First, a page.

The US state of New York has clarified that frontline healthcare workers should be the priority group, classified as “1A” in its distribution plan for the COVID-19 vaccination, according to an official statement.
“The rules of the Covid vaccine distribution have been clear for many weeks and agreed to by virtually all credible federal and state leaders. The first priority is ‘1A’, healthcare workers who are on the front lines,” Xinhua news agency quoted the state government’s Communications Director Peter Ajemian as saying in the statement issued on Thursday.
“With the increasing hospitalisation rates, the new UK strain spread and hospital staff shortages, keeping hospitals functioning is essential to avoid another shutdown,” he added.
New York City has 917,000 eligible healthcare workers in the ‘1A’ and has only administered 144,000 vaccines.
Many more healthcare workers are anxiously awaiting the vaccine.
The city has received 304,000 dosages beginning in December 2020 through last week and administered less than 50 per cent, according to the statement.
“We urge New York City and other local governments to get needles in the arms of the healthcare workers to avoid our frontline heroes from getting sick and our hospitals from collapsing due to increasing staff shortages,” said Ajemian.
Once those healthcare workers who want to accept a vaccine are afforded the opportunity, vaccinations go to the ‘1B’ category which includes essential workers including police, firefighters and 75-plus year-old New Yorkers who have the highest death rate from Covid-19, according to the statement.
The ‘1B’ category includes approximately 3 million people across New York and the state will utilise a variety of non-governmental agencies to administer those vaccines including pharmacies, private doctor networks, and community groups serving underserved communities, it said.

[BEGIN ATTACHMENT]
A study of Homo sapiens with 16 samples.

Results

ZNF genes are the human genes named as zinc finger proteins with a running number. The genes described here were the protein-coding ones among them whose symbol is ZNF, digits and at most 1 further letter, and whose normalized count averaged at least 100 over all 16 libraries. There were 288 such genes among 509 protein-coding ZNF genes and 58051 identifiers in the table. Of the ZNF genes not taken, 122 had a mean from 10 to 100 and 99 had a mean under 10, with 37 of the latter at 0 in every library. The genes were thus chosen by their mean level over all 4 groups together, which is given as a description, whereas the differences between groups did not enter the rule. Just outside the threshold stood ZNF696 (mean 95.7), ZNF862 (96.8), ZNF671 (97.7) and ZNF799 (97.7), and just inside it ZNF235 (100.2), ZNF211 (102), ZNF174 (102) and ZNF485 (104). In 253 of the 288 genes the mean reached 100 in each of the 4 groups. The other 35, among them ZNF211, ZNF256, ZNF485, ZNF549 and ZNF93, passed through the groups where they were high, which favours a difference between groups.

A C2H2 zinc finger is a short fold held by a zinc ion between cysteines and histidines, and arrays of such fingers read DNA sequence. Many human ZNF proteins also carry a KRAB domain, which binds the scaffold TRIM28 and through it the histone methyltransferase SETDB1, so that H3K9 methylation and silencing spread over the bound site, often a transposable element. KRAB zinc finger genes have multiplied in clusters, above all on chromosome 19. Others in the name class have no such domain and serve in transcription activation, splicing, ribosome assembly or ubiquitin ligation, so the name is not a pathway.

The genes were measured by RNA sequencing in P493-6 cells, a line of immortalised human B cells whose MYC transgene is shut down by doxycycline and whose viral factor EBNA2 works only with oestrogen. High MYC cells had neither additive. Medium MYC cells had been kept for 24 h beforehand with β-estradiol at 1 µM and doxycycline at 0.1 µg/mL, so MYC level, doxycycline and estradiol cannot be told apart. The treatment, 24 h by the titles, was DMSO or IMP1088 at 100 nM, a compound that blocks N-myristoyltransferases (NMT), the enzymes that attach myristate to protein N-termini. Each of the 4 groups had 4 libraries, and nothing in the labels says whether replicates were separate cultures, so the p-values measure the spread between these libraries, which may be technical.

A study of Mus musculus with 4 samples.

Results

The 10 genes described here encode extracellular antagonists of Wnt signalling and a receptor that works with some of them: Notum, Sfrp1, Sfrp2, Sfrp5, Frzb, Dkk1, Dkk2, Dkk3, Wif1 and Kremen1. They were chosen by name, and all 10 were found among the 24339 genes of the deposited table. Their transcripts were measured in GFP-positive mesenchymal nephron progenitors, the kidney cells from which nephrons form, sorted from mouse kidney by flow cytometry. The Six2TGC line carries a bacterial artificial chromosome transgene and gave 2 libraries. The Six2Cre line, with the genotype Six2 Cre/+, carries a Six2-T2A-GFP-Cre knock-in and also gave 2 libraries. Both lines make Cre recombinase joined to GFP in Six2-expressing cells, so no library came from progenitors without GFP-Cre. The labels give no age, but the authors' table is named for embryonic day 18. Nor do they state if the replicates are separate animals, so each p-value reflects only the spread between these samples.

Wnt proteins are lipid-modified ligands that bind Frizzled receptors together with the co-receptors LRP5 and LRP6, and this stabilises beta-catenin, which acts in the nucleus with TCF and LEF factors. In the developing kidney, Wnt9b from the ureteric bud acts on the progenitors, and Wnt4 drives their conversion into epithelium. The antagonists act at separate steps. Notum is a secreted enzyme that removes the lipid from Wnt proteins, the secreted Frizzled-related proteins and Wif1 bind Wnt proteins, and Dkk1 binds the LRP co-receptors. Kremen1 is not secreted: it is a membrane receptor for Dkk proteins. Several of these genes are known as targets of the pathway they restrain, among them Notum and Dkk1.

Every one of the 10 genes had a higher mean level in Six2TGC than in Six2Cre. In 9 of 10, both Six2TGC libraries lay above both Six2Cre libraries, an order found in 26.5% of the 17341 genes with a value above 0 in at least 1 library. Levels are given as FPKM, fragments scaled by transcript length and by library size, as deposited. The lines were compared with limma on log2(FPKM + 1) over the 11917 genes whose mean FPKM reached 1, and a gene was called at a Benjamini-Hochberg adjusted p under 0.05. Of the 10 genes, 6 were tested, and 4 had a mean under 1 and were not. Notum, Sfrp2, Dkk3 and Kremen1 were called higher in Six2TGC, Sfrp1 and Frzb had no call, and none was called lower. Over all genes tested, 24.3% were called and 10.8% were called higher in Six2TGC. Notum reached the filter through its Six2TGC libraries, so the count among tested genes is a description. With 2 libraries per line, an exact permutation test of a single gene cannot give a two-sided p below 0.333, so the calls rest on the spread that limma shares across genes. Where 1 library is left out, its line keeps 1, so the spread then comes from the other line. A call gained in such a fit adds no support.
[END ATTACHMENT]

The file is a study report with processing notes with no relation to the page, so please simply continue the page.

On Thursday, Governor Andrew Cuomo tweeted: “NY hospitals went from averaging 10K doses/day to 30k/day earlier this week. Yesterday they administered 50k doses.
“Good to see, but we must accelerate this even more to vaccinate all our health care heroes. We will rapidly ramp up vaccination sites as we move forward.”
Earlier in the day, he had announced that total Covid-19 hospitalisations were 8,548 on Wednesday in the state, down from 8,665 on Tuesday; of the 238,550 tests reported on Wednesday in the state, 17,636 were positive, or 7.39 per cent of the total, down from 8.41 per cent a day earlier.
“The holiday Covid hangover is here which is problematic enough, but with the introduction of the UK strain and the federal government’s refusal to help contain it with common-sense testing requirements for international travellers, our work has become that much more complicated,” he was quoted as saying in an official release.
Cuomo once warned that a post-holiday hike of the coronavirus hospitalisations was expected, because people would usually travel and gather during this time, which could fuel the spread of the virus.
“Despite this new challenge, New York is staying tough, and working with the health care community to ensure hospitals do not become overwhelmed. With those efforts ongoing, it’s as important as ever that we collectively stay smart and commit ourselves to taking the steps necessary for stopping the spread.”